Missouri budget

Flickr/david_shane

Missouri’s state budget for next year has received first-round approval by the State House. 

As promised, Republican leaders defunded a program that aids blind Missourians and used the money to erase Governor Jay Nixon’s proposed cuts to Higher Education. 

House Budget Chairman Ryan Silvey told the chamber he’s no longer willing to cut money from Missouri’s universities and community colleges:

(Marshall Griffin/St. Louis Public Radio)

The Missouri House is debating all 13 bills this afternoon that make up the state’s proposed budget for next year.

Lawmakers are offering up several amendments to the budget – one in particular would have shifted $150,000 from the state’s biodiesel fund to Alzheimer’s patients.  It was sponsored by State Rep. Tracy McCreery (I, Olivette).

Joseph Leahy, SLPR news

East St. Louis lays off more employees

A tight budget has forced East St. Louis to lay off seven more employees, leaving the city's police officers without a support staff.  

The Belleville News-Democrat reports that the latest layoffs include Police Chief Michael Floore's secretary, the department's director of community programs and a records room employee responsible for logging all of the city's tows.

The city also cut employees in the mayor's office, the city clerk's office and the city treasurer's office.

(UPI/Bill Greenblatt)

Budget writers in the Missouri House have approved their version of the 13 bills that make up the state’s budget for next year.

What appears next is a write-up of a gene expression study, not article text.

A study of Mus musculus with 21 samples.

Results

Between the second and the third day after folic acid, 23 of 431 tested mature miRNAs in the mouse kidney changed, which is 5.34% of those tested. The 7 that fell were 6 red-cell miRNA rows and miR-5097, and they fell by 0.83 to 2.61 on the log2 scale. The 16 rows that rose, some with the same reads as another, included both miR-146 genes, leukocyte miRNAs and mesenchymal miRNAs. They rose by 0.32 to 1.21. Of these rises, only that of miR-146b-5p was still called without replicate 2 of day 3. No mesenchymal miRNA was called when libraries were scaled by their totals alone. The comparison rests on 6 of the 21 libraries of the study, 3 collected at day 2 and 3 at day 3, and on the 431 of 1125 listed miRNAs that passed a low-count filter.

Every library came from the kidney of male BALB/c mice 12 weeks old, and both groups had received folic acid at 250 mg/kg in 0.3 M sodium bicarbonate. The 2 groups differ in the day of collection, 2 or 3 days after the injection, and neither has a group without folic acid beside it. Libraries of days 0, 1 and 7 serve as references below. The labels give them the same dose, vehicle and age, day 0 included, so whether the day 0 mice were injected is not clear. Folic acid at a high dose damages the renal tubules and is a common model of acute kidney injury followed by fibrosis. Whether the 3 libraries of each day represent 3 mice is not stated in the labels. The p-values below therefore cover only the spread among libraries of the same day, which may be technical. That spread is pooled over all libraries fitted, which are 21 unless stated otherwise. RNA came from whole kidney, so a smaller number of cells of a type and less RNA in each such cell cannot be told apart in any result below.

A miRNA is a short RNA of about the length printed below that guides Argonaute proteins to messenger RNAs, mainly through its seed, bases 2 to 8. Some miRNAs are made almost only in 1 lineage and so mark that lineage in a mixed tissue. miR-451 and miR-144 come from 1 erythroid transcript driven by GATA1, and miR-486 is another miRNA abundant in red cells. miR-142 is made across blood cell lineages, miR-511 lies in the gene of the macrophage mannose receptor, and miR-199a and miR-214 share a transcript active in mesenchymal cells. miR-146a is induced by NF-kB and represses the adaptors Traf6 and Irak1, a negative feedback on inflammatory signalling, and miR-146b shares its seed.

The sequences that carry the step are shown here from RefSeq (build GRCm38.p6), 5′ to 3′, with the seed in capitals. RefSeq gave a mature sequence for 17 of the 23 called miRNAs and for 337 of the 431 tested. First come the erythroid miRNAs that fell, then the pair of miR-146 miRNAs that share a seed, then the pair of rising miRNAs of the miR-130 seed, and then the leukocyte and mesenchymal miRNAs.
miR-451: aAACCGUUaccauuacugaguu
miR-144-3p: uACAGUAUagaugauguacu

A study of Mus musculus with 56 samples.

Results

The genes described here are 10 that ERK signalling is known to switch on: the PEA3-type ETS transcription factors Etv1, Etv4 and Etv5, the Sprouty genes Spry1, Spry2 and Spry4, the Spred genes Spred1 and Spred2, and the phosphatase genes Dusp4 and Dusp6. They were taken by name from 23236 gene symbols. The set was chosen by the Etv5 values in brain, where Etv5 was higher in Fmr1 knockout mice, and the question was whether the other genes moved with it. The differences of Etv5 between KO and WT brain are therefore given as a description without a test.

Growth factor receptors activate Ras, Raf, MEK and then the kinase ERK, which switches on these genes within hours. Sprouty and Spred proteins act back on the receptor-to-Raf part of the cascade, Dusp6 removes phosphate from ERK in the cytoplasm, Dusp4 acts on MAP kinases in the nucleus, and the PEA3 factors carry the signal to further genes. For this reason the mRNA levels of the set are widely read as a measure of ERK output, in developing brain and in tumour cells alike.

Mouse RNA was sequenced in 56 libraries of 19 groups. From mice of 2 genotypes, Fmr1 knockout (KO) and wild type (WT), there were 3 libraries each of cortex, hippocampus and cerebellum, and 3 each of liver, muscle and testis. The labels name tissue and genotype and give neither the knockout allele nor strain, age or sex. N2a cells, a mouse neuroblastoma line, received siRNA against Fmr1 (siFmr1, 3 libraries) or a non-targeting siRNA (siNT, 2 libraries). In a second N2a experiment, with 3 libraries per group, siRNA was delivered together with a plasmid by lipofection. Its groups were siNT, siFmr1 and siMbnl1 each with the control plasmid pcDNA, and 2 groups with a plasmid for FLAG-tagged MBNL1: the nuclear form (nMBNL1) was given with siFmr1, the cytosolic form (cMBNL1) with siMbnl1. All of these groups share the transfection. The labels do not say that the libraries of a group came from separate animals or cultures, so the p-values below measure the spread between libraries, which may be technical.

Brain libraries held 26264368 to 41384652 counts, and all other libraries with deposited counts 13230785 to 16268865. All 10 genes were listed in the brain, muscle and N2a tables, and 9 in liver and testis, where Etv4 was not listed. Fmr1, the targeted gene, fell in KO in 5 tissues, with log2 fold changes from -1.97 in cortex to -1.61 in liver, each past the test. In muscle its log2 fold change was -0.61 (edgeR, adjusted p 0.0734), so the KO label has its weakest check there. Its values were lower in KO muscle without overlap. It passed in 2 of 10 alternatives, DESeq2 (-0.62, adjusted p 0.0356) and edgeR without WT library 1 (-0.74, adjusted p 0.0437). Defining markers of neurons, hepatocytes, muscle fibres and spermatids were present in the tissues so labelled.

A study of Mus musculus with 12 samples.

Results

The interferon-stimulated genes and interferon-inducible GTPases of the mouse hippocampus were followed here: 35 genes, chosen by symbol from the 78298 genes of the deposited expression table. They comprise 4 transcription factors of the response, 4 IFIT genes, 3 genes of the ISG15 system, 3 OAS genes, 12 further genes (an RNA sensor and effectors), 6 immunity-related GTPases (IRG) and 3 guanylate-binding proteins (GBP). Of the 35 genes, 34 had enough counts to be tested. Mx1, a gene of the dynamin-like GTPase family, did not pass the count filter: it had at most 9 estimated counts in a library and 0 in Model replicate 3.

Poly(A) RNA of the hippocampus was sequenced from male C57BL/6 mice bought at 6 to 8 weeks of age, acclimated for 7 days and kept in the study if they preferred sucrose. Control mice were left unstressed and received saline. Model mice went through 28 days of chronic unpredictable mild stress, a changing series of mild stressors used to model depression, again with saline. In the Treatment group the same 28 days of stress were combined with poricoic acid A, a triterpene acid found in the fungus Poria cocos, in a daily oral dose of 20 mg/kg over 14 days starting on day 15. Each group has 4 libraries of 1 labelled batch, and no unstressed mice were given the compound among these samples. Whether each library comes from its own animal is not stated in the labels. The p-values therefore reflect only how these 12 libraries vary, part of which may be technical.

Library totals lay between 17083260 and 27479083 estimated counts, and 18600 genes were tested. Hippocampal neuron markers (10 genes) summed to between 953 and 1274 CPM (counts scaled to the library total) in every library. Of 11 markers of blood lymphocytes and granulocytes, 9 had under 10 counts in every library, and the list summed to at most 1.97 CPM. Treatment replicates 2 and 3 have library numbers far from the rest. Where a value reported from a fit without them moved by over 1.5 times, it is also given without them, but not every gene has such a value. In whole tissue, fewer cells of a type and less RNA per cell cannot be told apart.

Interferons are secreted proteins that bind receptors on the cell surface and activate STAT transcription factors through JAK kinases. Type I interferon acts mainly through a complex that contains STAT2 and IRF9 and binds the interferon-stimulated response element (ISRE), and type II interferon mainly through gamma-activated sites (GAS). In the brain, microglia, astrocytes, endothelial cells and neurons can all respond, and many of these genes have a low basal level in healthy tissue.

Committee members eliminated $28 million for a program that aids the blind, but then put $6 million back into it from another source.  Ryan Silvey (R, Kansas City) chairs the Budget Committee.

UPI/Bill Greenblatt

House budget writers finish reviews of Missouri's proposed spending plan for next year

Members of the budget committee now have until 4 p.m today to offer amendments, which will be debated and voted on Wednesday.   

Republican Ryan Silvey of Kansas City chairs the House Budget Committee:

(Marshall Griffin/St. Louis Public Radio)

Governor Jay Nixon (D) has released an additional $5 million withheld from this year’s K-12 and Higher Education budgets.

The Nixon Administration says $3 million of the withheld funding will help keep school buses on the road, while just over $2 million will go toward universities and community colleges.  Budget Director Linda Luebbering says the move was made because state lottery sales have been better than expected.

(UPI/Bill Greenblatt)

In the wake of a possible approximately 12.5 percent cut in higher education funding for fiscal year 2013, and ongoing discussion of tuition hikes and job cuts across the University of Missouri system in response, Missouri Governor Jay Nixon has announced an a

(via flickr/yomanimus)

Mo. revenues behind amount needed for budget

Missouri's revenues continue to be behind what is needed to balance the budget. January's figures show that net state revenues grew two percent over the same month last year.

The fiscal year began in July. For the first seven months of the 2012 fiscal year, Missouri's general revenues were up 1.3 percent. That is almost half the 2.7 percent growth rate that the governor's budget office says is needed to meet the budget.

(via Flickr/yomanimus)

Missouri is planning to refinance more than $500 million of debt as part of Gov. Jay Nixon's plan to balance the state budget.

Nixon's budget proposal for the next fiscal year assumes the state will save $41 million from the debt restructuring.

The governor's budget office says the state already has refinanced $20 million of principal from the debt used to build Mizzou Arena at the University of Missouri-Columbia.

(via Flickr/Adam Procter)

Governor Jay Nixon (D) is warning Missouri’s college administrators not to raise tuition to make up the difference in budget cuts he announced this week during his annual State of the State Address.

The governor wants to cut the state’s Higher Education budget by nearly $106 million, or 12.5 percent.  During his address Tuesday he indicated that he wants universities to leave tuition levels where they are.